A memorable journey to the Dolomites in Italy

By Emily Langer
Washington Post Staff Writer
Sunday, July 11, 2010

Even a mountain can be a needle in a haystack.

My mountains used to be in my great-grandma's apartment, close enough to touch, in a painting that she and my great-grandpa bought in 1955 after a trip through the Italian Alps. The many evenings that I spent with her as a little girl were filled with games of honeymoon bridge, and I used to crawl under her table to organize my cards, my fingers being too small to hold them all. Hiding down there, I would look past the table legs and up toward her cathedral ceiling to admire the painting on the wall.

I know what my great-grandma would have said if I'd told her that one day I was going to find the mountains in that painting -- the three spiky peaks and the big burly one next to them, the velvety hills and the crooked church in the foreground: "When pigs fly." It was one of her favorite sayings.

But unlikelier things have happened. In October 1955, she was living in Germany, several thousand miles from home, where her Army officer husband had been stationed after the war. They were about to leave for their honeymoon -- that's what they called their Italian holiday, having been penniless when they'd eloped right out of high school 25 years earlier. And she, an Ohio girl who never thought she'd make it east of the Appalachians, was going to see the Alps.

My great-grandma wasn't much of a talker, and her husband died before I was old enough to know him, so it's difficult to say what the mountains of northeastern Italy meant to her. In a 12-page letter to her daughter in the United States, a missive in which she detailed every stop on the trip in her lacy Old World handwriting, she wrote a single sentence on the mountains: "The Dolomites were indescribably beautiful -- no rain here."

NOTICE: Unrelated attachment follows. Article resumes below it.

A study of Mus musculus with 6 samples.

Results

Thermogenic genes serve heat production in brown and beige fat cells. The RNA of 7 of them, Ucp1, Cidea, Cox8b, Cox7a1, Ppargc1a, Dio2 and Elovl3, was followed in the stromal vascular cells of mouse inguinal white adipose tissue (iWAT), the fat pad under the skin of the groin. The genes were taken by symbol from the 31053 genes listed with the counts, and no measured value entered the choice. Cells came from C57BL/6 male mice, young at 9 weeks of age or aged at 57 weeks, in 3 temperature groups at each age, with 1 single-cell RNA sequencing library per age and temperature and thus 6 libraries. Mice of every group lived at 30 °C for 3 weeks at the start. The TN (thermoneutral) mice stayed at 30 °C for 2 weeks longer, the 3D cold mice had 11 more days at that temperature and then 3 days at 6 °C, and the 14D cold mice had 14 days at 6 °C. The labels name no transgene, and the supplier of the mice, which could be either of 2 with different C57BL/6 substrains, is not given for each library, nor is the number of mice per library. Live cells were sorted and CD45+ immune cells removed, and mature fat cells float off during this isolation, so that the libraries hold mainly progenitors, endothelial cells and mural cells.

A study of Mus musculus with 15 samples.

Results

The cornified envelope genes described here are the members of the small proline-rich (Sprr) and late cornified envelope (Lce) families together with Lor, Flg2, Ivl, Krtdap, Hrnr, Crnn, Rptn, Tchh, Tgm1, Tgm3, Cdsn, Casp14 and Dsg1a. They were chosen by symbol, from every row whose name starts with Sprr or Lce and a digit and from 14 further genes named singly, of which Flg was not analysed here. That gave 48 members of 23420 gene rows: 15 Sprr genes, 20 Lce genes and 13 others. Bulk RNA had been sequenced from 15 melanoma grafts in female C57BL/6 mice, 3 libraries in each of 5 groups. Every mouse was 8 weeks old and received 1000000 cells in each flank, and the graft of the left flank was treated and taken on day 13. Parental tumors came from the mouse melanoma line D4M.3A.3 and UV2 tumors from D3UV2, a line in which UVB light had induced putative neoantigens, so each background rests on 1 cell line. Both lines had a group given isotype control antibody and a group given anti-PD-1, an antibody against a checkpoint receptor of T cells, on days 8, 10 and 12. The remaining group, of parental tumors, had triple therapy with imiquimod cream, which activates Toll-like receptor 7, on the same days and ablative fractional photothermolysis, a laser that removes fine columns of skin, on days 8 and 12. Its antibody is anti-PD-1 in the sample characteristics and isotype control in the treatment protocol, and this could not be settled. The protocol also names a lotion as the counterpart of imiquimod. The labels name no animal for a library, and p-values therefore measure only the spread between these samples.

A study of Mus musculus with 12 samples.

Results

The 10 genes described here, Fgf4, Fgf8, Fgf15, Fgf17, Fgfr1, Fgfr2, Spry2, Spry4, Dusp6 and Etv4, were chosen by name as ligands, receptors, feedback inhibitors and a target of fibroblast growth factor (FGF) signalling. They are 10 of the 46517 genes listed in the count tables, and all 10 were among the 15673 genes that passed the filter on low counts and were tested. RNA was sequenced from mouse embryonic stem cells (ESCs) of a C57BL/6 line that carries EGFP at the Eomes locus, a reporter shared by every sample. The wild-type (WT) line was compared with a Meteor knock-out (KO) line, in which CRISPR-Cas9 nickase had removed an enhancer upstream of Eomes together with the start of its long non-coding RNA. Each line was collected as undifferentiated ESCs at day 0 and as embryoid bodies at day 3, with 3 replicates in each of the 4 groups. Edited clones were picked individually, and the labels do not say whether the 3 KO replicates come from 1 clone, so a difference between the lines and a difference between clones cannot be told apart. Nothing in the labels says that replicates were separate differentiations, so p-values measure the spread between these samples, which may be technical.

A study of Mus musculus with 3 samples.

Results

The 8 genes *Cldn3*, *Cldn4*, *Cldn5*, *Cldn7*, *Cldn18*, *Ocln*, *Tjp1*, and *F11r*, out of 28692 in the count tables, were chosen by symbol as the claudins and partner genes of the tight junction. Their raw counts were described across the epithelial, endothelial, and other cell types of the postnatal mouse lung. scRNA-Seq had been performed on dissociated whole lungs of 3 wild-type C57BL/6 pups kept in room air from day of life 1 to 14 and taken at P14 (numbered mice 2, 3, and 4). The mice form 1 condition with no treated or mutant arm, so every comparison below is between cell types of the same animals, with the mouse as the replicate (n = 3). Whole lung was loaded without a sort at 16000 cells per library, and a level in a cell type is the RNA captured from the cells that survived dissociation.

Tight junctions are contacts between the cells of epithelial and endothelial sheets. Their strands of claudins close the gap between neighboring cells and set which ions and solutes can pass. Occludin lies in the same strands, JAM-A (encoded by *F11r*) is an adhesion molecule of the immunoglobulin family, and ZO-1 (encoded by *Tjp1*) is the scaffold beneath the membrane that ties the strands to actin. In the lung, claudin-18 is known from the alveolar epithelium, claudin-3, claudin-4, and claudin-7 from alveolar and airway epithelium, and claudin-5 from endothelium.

But there was always the fact of the painting, which was actually the larger and more striking of two mountain landscapes that they bought at the end of the trip. You might not pause over such a purchase. But my great-grandma turned 16 two days after Black Tuesday and had her first child at the height of the Great Depression. She was not the type of lady who toured Europe collecting artwork. Even after I was born, when she had no financial worries, she used pencils to knit me a blanket instead of wasting money on knitting needles.

So why did they buy two paintings instead of one or neither? And why, when my great-grandma moved into a retirement home, did she hang the paintings so that her recliner gave her a better view of the mountains than of the TV or the window, her other outlets on the world?

There was something about those mountains.

* * *

The big painting has hung in my parents' dining room since my great-grandma died in 2002, but I always look past it in its new spot. I hadn't thought of it until two years ago, when my best friend, Chiara -- whom I met when she was an exchange student from Italy at my high school in Ohio -- and her parents took my family to Switzerland. They wanted us to see the Matterhorn, the mountain re-created in the Disney bobsled ride.

Some people say that the mountains make you feel close to God. Looking at the Matterhorn, I found myself thinking about my great-grandma. That was when I decided to find the mountains in her painting.

So I sent my Italian friends a photo of the painting. Bruna, Chiara's mother, had grown up in northeastern Italy and said right away that if the mountains were real, they were in the Dolomites. Their rosy tinge, which the Dolomites take on especially in the evening, gave it away.